Earlier this month, the Egyptian Ministry of Defense announced hiring a new Military Spokesperson, War Staff Colonel Gharib Abdel Hafez. The position of the military spokesperson is relatively new to the Egyptian society. Each of the three former army spokespersons played an important role in strengthening the civil-military bond, on the domestic level, and refuting the many unfair accusations thrown at the military institution, in western media. The new military spokesperson is expected to play an equally important role in the coming critical phase of reshaping Egypt’s military and political coalitions, worldwide.

The Armed Forces is the most important entity in Egypt. The centuries-old institution, which enjoys a state of political and economic autonomy, plays a significant role in almost all life areas. That does not only include the military’s traditional role of persevering border security and preparedness for warfare engagement. Proudly speaking, the Egyptian military is ranked by the Global Firepower Index as the second strongest military in the Middle East region, and among the top 12 militaries in the world.

However, the role of the Egyptian military extends way beyond its traditional war-related profile, to also include the non-traditional role of providing domestic social and economic services that balance the civilian government shortages, when necessary. The success of the Egyptian civil government, with the help of the military institution, in handling the infinite number of health, social, and economic challenges instigated by the COVID-19 pandemic, last year, is the latest proof on that argument.

On the political level, the Egyptian Armed Forces had not delayed or replaced the civil state’s quest to democratic development, as most western analysts feared, after the 2011 revolution. On the contrary, the military institution, which managed to survive the fall of the regime, at that time, due to its independent status and unconditional bias to the will of the people, contributed to facilitating the major political transitions that took place, over the first five years following the revolution. By freeing people from fear, it has become easier for the Egyptians to participate in elections and decide for their future.

The entire Middle East region is still struggling with containing the many negative consequences of the Arab Spring, including but are not limited to states failure, foreign interventions, proxy wars, civil wars, and the spread of terrorist organizations. Egypt, thanks to its strong and politically active military, is one of two countries that survived the Arab Spring and managed to restore public order, preserve the cohesion of the national state, and re-establish a stable system of governance.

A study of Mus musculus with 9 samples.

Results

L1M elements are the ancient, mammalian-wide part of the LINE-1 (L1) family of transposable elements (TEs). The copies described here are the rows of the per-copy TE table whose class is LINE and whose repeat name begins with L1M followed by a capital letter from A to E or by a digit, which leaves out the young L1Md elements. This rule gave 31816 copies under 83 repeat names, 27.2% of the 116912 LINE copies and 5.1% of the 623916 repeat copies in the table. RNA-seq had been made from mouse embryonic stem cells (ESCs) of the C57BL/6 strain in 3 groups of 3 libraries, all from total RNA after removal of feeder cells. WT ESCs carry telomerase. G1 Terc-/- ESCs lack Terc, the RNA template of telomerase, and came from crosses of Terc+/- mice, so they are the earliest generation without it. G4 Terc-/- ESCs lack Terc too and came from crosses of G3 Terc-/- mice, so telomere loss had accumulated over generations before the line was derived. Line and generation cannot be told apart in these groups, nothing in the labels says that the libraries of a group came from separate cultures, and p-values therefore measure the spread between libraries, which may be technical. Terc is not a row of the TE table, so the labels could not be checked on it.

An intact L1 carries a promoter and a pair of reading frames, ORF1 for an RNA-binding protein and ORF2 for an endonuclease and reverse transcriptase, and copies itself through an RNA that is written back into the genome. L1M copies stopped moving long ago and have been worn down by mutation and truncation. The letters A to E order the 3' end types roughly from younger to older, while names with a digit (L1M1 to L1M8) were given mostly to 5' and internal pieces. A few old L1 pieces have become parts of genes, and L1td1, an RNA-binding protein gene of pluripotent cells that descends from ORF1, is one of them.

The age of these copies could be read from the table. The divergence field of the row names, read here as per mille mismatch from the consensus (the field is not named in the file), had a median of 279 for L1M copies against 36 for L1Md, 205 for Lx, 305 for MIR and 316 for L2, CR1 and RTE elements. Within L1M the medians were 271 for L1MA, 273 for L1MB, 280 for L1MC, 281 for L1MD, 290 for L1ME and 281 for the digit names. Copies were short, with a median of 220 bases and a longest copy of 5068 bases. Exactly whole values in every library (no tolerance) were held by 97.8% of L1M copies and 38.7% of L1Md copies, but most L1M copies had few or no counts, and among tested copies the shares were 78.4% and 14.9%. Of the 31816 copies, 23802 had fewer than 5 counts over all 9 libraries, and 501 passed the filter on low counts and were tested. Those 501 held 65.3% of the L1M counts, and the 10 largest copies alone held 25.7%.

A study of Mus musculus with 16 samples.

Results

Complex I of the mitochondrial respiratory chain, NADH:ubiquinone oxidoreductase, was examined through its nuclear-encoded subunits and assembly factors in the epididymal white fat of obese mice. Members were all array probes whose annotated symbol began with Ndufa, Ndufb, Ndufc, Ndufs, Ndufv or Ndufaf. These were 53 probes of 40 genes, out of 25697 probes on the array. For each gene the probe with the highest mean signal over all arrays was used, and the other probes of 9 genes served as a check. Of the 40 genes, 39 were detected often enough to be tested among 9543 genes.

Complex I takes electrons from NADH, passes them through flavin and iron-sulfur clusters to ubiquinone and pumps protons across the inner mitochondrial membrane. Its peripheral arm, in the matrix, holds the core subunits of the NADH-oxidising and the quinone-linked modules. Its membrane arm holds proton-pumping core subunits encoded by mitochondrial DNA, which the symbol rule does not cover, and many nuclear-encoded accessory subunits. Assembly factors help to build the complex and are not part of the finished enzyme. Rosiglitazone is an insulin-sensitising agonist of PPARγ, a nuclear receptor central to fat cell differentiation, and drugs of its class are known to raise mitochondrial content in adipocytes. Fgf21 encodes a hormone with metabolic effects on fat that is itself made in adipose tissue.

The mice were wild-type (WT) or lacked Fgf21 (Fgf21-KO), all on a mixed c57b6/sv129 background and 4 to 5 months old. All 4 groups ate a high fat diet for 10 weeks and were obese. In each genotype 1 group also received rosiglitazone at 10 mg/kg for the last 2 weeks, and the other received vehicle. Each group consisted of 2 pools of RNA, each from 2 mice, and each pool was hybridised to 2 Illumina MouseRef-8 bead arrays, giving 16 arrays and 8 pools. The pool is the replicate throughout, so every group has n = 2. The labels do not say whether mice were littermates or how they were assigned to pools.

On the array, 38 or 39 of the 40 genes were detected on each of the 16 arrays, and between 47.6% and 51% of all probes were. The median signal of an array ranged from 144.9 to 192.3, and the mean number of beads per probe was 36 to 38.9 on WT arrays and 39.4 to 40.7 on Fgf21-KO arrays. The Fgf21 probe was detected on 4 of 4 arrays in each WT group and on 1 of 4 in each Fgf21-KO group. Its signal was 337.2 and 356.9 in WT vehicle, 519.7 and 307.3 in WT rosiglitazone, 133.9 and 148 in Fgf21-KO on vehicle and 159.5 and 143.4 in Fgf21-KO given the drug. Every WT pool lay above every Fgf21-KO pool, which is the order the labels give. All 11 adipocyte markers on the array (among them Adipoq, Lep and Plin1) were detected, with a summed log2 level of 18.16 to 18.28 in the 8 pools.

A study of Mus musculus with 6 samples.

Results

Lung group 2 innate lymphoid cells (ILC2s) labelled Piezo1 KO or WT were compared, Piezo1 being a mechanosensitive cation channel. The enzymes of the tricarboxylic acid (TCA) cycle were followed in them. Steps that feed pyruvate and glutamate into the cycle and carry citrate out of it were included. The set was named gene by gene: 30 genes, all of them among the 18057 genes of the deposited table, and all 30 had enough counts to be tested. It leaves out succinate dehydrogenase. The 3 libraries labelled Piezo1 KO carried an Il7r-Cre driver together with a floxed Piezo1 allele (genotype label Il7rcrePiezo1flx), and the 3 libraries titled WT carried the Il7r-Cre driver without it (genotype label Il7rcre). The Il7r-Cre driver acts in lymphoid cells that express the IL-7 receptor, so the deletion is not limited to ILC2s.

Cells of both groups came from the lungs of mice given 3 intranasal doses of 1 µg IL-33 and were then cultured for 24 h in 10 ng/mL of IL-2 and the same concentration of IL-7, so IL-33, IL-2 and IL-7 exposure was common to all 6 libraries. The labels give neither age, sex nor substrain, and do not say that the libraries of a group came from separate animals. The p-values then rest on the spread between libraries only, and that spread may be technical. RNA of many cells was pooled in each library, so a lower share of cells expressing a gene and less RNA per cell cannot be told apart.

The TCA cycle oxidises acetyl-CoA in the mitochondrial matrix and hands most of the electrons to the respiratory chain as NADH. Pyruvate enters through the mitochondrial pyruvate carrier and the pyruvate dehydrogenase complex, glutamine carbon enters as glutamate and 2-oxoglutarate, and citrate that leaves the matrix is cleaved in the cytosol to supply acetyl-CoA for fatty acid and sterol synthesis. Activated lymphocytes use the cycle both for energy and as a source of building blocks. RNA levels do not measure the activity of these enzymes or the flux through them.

Despite its critical role and huge influence on the daily lives of the Egyptian public, the Armed Forces remained, for decades, a closed and obscure entity, for the majority of Egyptians. There was no direct communication between the military and the public. Military news used to be sent by the Ministry of Defense, in a written communique format, to state-owned media, which used to publish them without editing. Only after the 2011 revolution, pushed by the military’s need to communicate with the public citizens, the position of the military spokesperson appeared.

Today, the Egyptian military institution does not only have a website or active daily communications with local and international media, but it also runs pages with vast following on various social media platforms. For example, the military spokesperson has got more than 8 million followers on Facebook, and more than 3 million on Twitter. This openness in the relationship between the Armed Forces and the Egyptian people played a significant role, over the past ten years, in helping Egypt survive and thrive.

Like his three predecessors, the new spokesperson of the Egyptian Armed Forces, Colonel Gharib Abdel Hafez, has got an impressive resume with a long list of military and civilian professional and academic merits. In addition to his remarkable military service record, he received several diplomas from international academic institutions in Germany, Greece, and China. He also studied for a Master’s Degree in International Relations. There is no doubt that he has been carefully selected as the right fit for the next phase, through which Egypt is opening up to new regional coalitions and international alliances. We wish him success in this crucial mission.